A forum for Medford City Council Ward 4 candidates is planned for 1 p.m. Sunday, Oct. 23, in the Large Meeting Room of the Medford library, 205 S. Central Ave., Medford.

Michelle Blum Atkinson

Age: 31

Occupation: Board officer, Blum Family Foundation

Education: Bachelor of Science in Journalism, University of Oregon — graduated with Honors

Political experience: As a member of the Jackson County Library Advisory Committee and co-founder of the campaign Libraries For All, I helped save our libraries from closing.

Top priorities: Safety is my top priority. Medford City Council can save lives by focusing on safe roads, safe parks and safe neighborhoods. People in Medford want clean water, clean air and a clean city. We must work together to protect our most vulnerable people, especially kids, from hunger and homelessness. My second priority is to boost the economy in Medford so people can thrive. I will seek community partnerships to help train Medford residents and connect hardworking people with jobs. I will focus on improving Medford’s housing market that is affecting many residents who are already struggling financially.

 

Andrea Duarte Jablonski

Age: 55

Occupation: Small-business owner, Coffee News

Education: Marylhurst

Political experience: Worked on health care political action committees and government regulations group

Top priorities: To ensure that the people of Medford are informed and represented fairly by the actions of local government. Specifically, addressing issues affecting our senior population, local businesses and individual privacy and land-use rights.

 

Ruth Moncus

Age: 45

Occupation: Homemaker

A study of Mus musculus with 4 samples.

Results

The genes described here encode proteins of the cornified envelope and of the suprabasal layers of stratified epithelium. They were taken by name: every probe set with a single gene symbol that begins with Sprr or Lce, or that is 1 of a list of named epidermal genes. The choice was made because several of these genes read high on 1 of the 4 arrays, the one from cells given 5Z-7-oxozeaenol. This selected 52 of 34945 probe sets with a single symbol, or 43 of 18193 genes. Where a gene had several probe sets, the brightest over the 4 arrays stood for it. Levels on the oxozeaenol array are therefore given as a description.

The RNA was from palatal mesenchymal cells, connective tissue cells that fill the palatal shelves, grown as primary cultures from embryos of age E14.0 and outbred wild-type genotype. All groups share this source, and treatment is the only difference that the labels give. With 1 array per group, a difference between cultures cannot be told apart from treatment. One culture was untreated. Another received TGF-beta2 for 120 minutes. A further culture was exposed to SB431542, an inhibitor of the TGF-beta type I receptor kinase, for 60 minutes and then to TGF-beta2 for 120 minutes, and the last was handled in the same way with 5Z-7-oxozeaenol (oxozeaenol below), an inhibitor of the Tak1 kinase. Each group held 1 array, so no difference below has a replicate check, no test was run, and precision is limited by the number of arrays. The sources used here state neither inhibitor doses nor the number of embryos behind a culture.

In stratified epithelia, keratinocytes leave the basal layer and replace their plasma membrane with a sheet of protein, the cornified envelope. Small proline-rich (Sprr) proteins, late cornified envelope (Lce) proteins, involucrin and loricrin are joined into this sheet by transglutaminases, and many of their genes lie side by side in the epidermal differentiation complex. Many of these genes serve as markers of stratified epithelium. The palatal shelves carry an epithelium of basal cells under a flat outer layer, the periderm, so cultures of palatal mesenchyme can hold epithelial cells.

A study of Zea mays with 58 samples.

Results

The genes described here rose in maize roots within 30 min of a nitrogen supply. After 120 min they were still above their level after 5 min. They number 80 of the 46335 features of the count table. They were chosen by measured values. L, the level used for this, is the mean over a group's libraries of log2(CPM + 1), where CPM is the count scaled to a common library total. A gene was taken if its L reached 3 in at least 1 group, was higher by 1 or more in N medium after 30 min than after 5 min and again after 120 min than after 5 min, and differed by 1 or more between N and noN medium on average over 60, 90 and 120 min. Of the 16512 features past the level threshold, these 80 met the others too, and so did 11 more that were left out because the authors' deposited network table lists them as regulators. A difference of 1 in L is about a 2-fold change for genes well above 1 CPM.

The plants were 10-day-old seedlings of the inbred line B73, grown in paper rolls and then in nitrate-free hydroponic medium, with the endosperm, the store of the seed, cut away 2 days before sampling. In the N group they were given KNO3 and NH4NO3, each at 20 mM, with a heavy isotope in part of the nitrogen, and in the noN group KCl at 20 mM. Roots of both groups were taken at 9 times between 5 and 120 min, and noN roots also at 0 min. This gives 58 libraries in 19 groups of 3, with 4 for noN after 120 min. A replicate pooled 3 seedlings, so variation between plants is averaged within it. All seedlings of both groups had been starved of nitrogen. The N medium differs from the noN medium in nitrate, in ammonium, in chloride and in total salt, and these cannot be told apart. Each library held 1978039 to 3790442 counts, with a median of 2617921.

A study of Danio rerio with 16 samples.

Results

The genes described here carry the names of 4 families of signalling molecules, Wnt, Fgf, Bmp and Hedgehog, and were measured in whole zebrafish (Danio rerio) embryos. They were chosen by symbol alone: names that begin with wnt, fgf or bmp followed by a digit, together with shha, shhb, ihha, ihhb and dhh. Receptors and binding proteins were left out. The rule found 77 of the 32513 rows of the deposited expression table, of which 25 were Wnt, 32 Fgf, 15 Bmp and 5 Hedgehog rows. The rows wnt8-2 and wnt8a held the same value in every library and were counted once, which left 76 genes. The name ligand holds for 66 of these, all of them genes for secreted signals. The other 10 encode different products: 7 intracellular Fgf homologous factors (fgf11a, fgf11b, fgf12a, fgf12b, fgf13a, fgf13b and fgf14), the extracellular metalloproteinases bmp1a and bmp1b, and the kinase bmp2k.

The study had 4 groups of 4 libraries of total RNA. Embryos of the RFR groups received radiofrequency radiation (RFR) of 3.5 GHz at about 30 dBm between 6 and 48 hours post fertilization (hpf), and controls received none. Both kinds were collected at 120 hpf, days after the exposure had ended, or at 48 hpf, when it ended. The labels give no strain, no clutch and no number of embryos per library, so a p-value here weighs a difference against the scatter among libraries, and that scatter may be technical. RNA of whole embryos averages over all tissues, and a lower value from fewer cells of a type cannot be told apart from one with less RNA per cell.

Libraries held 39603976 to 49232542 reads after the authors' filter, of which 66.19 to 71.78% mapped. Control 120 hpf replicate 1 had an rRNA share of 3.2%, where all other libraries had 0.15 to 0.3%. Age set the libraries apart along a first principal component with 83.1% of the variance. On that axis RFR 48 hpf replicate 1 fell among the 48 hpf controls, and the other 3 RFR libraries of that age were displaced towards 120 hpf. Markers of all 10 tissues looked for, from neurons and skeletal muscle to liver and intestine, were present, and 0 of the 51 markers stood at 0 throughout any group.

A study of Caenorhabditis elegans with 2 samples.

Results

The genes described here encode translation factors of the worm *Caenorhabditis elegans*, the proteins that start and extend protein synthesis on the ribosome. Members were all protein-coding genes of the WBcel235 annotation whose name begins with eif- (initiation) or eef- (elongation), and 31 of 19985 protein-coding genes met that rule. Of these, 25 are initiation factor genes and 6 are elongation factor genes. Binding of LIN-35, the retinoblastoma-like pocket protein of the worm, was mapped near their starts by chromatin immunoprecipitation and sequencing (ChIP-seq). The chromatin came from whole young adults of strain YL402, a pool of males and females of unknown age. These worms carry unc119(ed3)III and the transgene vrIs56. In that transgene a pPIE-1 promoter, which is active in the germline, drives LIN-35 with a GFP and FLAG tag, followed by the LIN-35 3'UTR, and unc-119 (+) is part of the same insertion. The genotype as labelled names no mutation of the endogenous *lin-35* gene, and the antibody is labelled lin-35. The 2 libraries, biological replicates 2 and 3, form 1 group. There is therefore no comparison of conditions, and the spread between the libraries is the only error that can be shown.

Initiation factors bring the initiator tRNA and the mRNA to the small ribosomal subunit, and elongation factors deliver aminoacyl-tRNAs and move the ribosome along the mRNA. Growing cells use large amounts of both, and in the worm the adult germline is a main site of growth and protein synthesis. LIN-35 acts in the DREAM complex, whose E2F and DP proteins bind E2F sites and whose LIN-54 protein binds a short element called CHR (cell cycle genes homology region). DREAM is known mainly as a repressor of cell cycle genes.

Education: High-school diploma, some community college classes

Political experience: None

Top priorities: Revitalization of Bear Creek/downtown Medford — I will strive to improve the environmental quality of Bear Creek. My vision is to establish an open concept in the Bear Creek area that would allow restaurants, vendors and businesses to thrive near downtown Medford. Alleviate homelessness — I support the likes of local nonprofits to continue their work into improving homelessness as well as the testing of the tiny-house project. Keeping Medford safe — I want Medford to become a family-desirable city for generations to come. I will support measures such as 15-144 and 15-166 to promote a positive and healthy culture for our children to grow up in.

 

George Schroeder

Age: 63

Occupation: Medford business owner, Schroeder's Furniture-Collectibles-Antiques

Education: High-school graduate, attended college

Political experience: Medford Urban Renewal Parking Committee, 1998-2009; Medford Parking Commission, 2009-present; five years, MURA budget committee; currently on Medford Arts Commission; 15 years, Heart of Medford Association

Top priorities: 1) Public safety is paramount. Without public safety, we have nothing. I think fire stations and fire and police equipment need to be brought up to the standards that they need to continue to do a good job and expand into the future. 2) Work well with other council members and try to get amenities people want by using public and private partnerships without taxing the residents. These amenities could include cleaning up Bear Creek Greenway, bringing a convention center to Medford, and building an indoor aquatic center open 365 days a year that actually makes money.

 

Kim Wallan

Occupation: Online instructor

Education: Bachelor of Science in Political Science, Willamette University; Juris Doctor, Willamette University College of Law

Political experience: Medford School Board, 2011-2015

Top priorities: 1) Increase communication within the council itself and between our City Council and our neighboring cities and our county. I particularly want to establish meetings between the city planning commission and the county planning commission to strategize thoughtful growth that fosters robust economic growth while maintaining the character of our valley. 2) Shorten our current three-month or longer delay in getting an answer for new building projects, when neighboring cities answer in a few weeks. Our appeals process often keeps staff and council members working until late into the night. Streamlining these systems can make the city work better for everyone.